Obama fights for majority on Syria action

PRESIDENT Barack Obama has signed up power brokers in Congress for strikes on Syria but, in an era of insurgent politics haunted by Iraq, there is no guarantee the rank and file will follow.

Obama, who is on the road in Sweden, mobilised his big political and military guns on Wednesday to convince lawmakers to back his plan to punish President Bashar al-Assad over a chemical weapons attack.

The White House can already boast two significant victories.
On Tuesday, Republican House Speaker John Boehner and majority leader Eric Cantor, who more normally torment the president, gave robust support to his strategy.

Then, on Wednesday, the Senate Foreign Relations committee voted by 10 members to seven to authorise action in Syria – albeit under tighter rules of engagement than the White House had requested. Republican Senator Bob Corker said,

“None of us want the US mired down in another conflict, so the committee has significantly limited the president’s original authorisation, while still providing for an appropriate use of force in response to Assad’s use of chemical weapons.”

For Obama to collect on the huge gamble he made in seeking congressional backing for attacks in Syria, he must win over lower ranking lawmakers who, unlike their leaders, are more concerned with their political skins than US standing in the world.

War weariness stalks America, and votes to authorise action in Syria, likely to begin next week, are tough ones – especially for House and Senate lawmakers up for re-election in 2014. Republicans face a strain of isolationist and libertarian sentiment roiling a party still working through the political trauma of the Iraq war.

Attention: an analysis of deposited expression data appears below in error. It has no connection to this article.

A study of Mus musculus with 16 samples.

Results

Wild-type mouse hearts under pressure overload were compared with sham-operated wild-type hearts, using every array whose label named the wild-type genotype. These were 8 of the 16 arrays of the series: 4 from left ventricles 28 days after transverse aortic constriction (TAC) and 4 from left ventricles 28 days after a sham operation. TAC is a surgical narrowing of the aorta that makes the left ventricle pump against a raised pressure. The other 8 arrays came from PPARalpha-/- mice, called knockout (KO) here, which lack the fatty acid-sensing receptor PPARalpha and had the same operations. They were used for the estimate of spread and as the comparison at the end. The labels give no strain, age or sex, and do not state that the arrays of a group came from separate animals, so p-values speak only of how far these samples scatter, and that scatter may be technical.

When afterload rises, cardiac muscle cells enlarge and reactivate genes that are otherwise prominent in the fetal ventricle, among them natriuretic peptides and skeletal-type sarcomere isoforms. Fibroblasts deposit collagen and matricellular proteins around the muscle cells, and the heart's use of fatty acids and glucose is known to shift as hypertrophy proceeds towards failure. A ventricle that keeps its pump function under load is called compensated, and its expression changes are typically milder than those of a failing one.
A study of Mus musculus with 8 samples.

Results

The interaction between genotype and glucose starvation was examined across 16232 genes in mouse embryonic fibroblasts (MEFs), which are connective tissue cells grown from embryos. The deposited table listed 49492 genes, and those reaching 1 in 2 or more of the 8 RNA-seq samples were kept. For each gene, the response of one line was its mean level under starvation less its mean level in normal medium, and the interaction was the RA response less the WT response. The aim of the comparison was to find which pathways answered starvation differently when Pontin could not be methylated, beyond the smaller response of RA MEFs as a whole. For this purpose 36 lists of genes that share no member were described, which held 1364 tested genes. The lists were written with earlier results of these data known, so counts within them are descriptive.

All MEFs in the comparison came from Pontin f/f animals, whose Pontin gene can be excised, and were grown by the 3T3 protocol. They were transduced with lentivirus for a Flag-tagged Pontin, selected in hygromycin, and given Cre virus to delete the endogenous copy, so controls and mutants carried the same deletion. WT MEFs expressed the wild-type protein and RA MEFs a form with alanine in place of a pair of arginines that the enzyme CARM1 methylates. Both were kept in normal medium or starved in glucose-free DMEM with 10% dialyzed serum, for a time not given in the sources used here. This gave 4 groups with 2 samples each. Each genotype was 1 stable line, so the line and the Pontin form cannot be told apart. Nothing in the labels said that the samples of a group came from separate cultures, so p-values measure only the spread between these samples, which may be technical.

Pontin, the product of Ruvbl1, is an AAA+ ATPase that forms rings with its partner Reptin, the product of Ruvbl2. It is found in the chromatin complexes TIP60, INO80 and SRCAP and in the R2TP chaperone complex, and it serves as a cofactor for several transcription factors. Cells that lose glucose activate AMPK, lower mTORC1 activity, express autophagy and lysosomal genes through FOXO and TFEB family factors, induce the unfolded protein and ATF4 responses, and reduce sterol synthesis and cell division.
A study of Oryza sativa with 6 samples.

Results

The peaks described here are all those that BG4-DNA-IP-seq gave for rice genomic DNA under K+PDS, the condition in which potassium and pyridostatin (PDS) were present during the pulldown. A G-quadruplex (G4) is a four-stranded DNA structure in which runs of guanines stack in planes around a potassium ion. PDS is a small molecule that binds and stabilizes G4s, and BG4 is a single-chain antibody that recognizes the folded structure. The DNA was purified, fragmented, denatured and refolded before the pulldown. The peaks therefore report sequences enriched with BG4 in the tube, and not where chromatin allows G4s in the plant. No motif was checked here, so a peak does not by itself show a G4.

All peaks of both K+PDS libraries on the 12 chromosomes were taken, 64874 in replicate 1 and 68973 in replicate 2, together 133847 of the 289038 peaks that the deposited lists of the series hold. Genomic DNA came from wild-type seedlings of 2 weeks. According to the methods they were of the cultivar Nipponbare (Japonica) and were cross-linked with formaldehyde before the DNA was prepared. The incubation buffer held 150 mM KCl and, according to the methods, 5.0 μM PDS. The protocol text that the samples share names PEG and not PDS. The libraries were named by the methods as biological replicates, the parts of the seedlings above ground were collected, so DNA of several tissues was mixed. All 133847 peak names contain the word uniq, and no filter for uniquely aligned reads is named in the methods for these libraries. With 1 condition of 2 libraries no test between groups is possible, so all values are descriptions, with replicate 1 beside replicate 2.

Many establishment Republicans have already been knocked off their perches by “Tea Party” candidates who have challenged them from their right in nominating contests.
Anti-war liberal Democrats meanwhile are making unlikely common cause with conservatives like Senator Rand Paul, who oppose US military action.

Hawks like Republican senators Lindsey Graham and John McCain meanwhile demand a more robust effort than the “limited” strikes Obama has proposed and want to escalate US military aid to the Syrian opposition.

This splintering of party lines is complicating efforts to build a coalition behind action in Syria. But one White House official predicted sufficient support would emerge between the extremes. National Security Advisor Susan Rice said she was “quite confident” that the administration would prevail.

Another official admitted privately that the White House “will lose some Democrats” meaning that significant numbers of Republicans will be needed not just in the House, but in the Democratic-run Senate to get the bill through.

Reliable vote counts are not yet available, as hearings on the authorisation, featuring a passionate Secretary of State John Kerry take place on Capitol Hill. But a top House Democrat, Chris Van Hollen, when asked on Wednesday whether a war resolution could get through the chamber, replied: “I don’t think anybody knows right now.”

Though Boehner and Cantor are in favour – other top Republicans are wavering and could siphon away yes votes. The White House has good reason for concern. Close Obama aides privately vent frustration that Boehner has been unable to deliver his riotous caucus on other big issues, including on proposed budget deals.

Obama, often criticised for a failure to engage on key priorities on Capitol Hill, has been unusually active. A senior official said the president was calling lawmakers from abroad. On Wednesday, he also hardened his rhetoric.

“My credibility is not on the line, the international community’s credibility is on the line and America and Congress’s credibility is on the line,”

The comments appeared to be a bid to give Republicans, many of whom defy him on principle, a reason to vote ‘yes’ other than the fact the president’s prestige is at stake.